Aaajiao’s “I was dead on the Internet”
By Frances Arnold
In 2020, the Berlin-based artist aaajiao publicly criticized the Chinese government’s response to the devastating floods that swept through the country’s central and eastern provinces from June to September that year. His view was shared via his primary Weibo account, which had more than 9,000 followers. Like other social-media platforms, the microblogging site is subject to censorship, with users who fall foul of Weibo’s hazy rules risking anything from temporary account suspension to jail time. Aaajiao’s comment resulted in the deletion of the account: abruptly silenced, an online presence of more than a decade vanished.
This experience was the catalyst for his solo exhibition “I was dead on the Internet” at the Berlin gallery Wannsee Contemporary. From a starting point of one’s virtual persona being disappeared—including their networks, portfolio, and credentials—the show’s multimedia displays imagine how we might reclaim and reoccupy the internet not as users but as owners.
Several works point to the vulnerability of a digital presence, and how a controlled internet, whether governmentally regulated or dominated by a handful of tech giants, makes online existences readily extinguishable. Take Siu~ (2021), for example, which consists of uncut sheets of flimsy cellophane candy wrap, creased as if they had been crumpled and then smoothed, and printed with a faint image of LED lights that look like a spectrum. Emblematic of the apparent disposability of online lives through its materials, the work also speaks to digital culture’s promotion of the enticing, the successful, the literal eye-candy.
Visible from outside the gallery was biubiu (2022), which comprises a series of seemingly unrelated photos—of cooking, food, a melting snowman, and a heron at dusk, for example—taken on an iPhone, printed onto transparent film, and attached to the space's front window. Susceptible to being washed out as the natural light changed over the course of the day, the images have an ephemeral quality that befits the fading significance of photos as they move further down social-media feeds. Aaajiao alludes not only to social-media censorship in certain geographies, but also to the relentlessness of status sharing.
That the natural world appears in several of these iPhone snapshots is no coincidence; throughout the exhibition, the artist used nature as a metaphor for how we might reconsider how we engage with the internet. For instance, Fabric, computational wind, OCD, search (2021) is a wall-mounted LCD screen similar in size and shape to a mobile phone, showing a monochrome video of swaying bamboo. Here, aaajiao compares the plant’s constant movement to the internet’s continuous updating and refreshing. Indeed, the bamboo is part of a networked system even greater than the internet: nature.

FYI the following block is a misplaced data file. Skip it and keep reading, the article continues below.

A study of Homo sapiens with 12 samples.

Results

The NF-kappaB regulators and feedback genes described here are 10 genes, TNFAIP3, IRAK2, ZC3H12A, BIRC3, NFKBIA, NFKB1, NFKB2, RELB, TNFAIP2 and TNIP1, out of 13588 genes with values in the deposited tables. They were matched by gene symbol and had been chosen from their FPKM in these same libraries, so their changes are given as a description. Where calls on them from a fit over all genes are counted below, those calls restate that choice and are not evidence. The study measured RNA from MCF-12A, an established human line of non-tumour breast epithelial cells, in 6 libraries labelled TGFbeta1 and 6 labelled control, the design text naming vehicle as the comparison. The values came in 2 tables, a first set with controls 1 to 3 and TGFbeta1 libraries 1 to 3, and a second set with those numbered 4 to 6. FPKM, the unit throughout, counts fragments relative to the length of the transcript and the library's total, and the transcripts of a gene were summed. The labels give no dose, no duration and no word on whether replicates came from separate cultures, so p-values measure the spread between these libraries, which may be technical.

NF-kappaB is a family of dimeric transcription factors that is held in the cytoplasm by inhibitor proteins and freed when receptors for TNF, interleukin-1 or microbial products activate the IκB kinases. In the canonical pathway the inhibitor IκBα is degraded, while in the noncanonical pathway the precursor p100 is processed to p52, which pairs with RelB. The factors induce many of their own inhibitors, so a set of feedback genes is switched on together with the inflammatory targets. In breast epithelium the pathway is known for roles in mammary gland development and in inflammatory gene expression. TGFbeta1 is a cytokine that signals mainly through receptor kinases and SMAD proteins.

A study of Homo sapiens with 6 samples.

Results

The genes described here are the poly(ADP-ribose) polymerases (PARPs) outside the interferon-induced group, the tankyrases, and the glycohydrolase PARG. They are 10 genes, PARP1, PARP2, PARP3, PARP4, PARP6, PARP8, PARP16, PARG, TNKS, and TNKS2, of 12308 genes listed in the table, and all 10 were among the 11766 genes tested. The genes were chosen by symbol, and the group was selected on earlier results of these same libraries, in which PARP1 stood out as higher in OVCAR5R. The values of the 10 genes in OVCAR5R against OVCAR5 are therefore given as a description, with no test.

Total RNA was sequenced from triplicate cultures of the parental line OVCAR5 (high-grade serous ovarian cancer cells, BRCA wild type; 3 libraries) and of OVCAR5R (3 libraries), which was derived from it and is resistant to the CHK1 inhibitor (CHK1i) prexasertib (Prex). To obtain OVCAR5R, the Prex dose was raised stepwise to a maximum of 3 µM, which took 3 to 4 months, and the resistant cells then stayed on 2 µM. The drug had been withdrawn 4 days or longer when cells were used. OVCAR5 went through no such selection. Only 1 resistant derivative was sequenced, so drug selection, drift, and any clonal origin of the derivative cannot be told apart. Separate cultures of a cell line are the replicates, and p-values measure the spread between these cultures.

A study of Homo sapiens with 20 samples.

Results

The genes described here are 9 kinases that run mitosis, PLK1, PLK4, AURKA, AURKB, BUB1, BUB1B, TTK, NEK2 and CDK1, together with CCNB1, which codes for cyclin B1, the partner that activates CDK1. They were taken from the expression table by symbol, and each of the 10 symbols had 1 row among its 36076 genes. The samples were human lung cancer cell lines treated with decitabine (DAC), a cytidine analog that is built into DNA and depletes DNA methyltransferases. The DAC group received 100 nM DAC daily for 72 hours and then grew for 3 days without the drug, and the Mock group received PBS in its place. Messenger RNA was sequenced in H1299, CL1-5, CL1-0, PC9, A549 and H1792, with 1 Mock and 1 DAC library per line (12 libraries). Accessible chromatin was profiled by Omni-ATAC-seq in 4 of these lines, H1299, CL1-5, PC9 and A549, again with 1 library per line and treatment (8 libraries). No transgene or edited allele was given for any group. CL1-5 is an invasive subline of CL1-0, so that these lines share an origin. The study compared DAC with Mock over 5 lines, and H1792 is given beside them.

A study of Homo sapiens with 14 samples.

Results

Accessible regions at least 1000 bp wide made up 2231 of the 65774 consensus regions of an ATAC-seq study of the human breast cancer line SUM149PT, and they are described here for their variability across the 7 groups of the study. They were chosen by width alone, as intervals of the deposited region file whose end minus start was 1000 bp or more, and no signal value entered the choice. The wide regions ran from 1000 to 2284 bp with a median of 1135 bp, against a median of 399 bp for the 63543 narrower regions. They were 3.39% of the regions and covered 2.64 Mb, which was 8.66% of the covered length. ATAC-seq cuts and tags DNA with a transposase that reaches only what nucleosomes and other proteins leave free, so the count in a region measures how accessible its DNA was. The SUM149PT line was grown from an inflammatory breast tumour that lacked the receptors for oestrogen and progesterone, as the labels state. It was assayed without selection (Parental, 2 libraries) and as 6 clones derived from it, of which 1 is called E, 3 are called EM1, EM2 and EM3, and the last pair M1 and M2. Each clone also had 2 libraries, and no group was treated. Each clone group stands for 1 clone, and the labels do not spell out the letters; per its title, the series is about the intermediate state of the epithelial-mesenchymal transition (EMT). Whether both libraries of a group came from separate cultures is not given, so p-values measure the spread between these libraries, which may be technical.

The video work is one of four, each backdropped by the interface of social-media platforms Twitter, Instagram, Clubhouse, and Facebook, respectively. Redacted messages scroll upwards on the screens. All the while, the videos mimic a function available on iOS phones of switching between dark and day modes, synchronizing these mesmerizing screens to the rhythms of nature. In aaajiao’s work, these natural motifs point to a purer, more democratic online existence, their circularity implying endurance beyond even the most zealous of censors. In the context of discussions around the Web3 era of decentralized ownership and control—versus the monopoloid possession of today’s virtual caches—as well as Germany’s zealous approach to data privacy, aaajiao’s conceptual call for an internet revolution is timely.
The bucolic location of Wannsee Contemporary reinforced aaajiao’s ideas through a different kind of decentralization. Located far from downtown Berlin in the city’s most southwesterly corner, the ten-month-old spot’s lakeside locale feels far outside the capital’s network of central galleries—and as such, loaded with possibilities.
“I was dead on the Internet” marked a continuation of aaajiao’s longstanding investigation into human identities in cyberspace. A kind of postmortem and grieving for the artist’s own virtual death, the exhibition could also be read as a warning against the unquestioning pouring of personal data into the ownership of Google, Amazon, Alibaba, and the like, until we are exhausted and have nothing left to give.
Aaajiao’s “I was dead on the Internet” was on view at Wannsee Contemporary, Berlin, from May 1 to July 16, 2022.